NEW YORK (TheStreet) -- Netflix's (NFLX) opportunity to expand into Europe is big, as the company moves its services into Germany, Austria, Switzerland, France, Belgium and Luxembourg. The sheer scale of the opportunity, however, may surprise everyone, including Netflix.
Cantor Fitzgerald analyst Youssef Squali believes that Netflix could add as many as 24 million additional subscribers to its already burgeoning empire, which has 48 million subscribers, at a much faster rate than anyone believed, given management's public comments. "This move goes well beyond initial expectations of Germany, France, or maybe both, and adds ~62M European broadband households (BB HHs) to the company's TAM, by our estimate," Squali wrote in the note. "Assuming ~30% penetration (vs. US at ~40%), these countries could contribute ~24M additional subscribers over time." Squali rates Netflix "buy" with a $425 price target.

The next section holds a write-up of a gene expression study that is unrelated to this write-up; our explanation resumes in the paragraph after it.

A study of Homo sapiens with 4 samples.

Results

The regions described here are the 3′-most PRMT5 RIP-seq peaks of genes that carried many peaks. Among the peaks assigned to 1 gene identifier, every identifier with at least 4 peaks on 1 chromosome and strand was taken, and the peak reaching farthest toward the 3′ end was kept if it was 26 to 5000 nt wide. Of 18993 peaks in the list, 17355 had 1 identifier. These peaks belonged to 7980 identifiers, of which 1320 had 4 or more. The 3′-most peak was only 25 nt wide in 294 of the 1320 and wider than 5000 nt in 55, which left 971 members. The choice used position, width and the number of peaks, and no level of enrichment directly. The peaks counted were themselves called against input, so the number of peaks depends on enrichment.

In the press release on Wednesday that outlined its expansion plans, Netflix didn't disclose pricing, programming and supported devices, noting that the information "will be available at a later date."
Most of the additional 62 million households are in Germany and France, two of the largest economies in Europe. Germany has approximately 28.3 million broadband households, while 24.2 million broadband households are in France. These two countries are where Netflix will face its largest competition, as Amazon's (AMZN) Lovefilm is already entrenched in Germany, and France has tough regulatory rules.
Squali estimates there are 3.8 million broadband households in Belgium, 3.5 million in Switzerland, 2.2 million in Austria, and around 175,000 in Luxembourg, giving Netflix the opportunity to expand its international presence.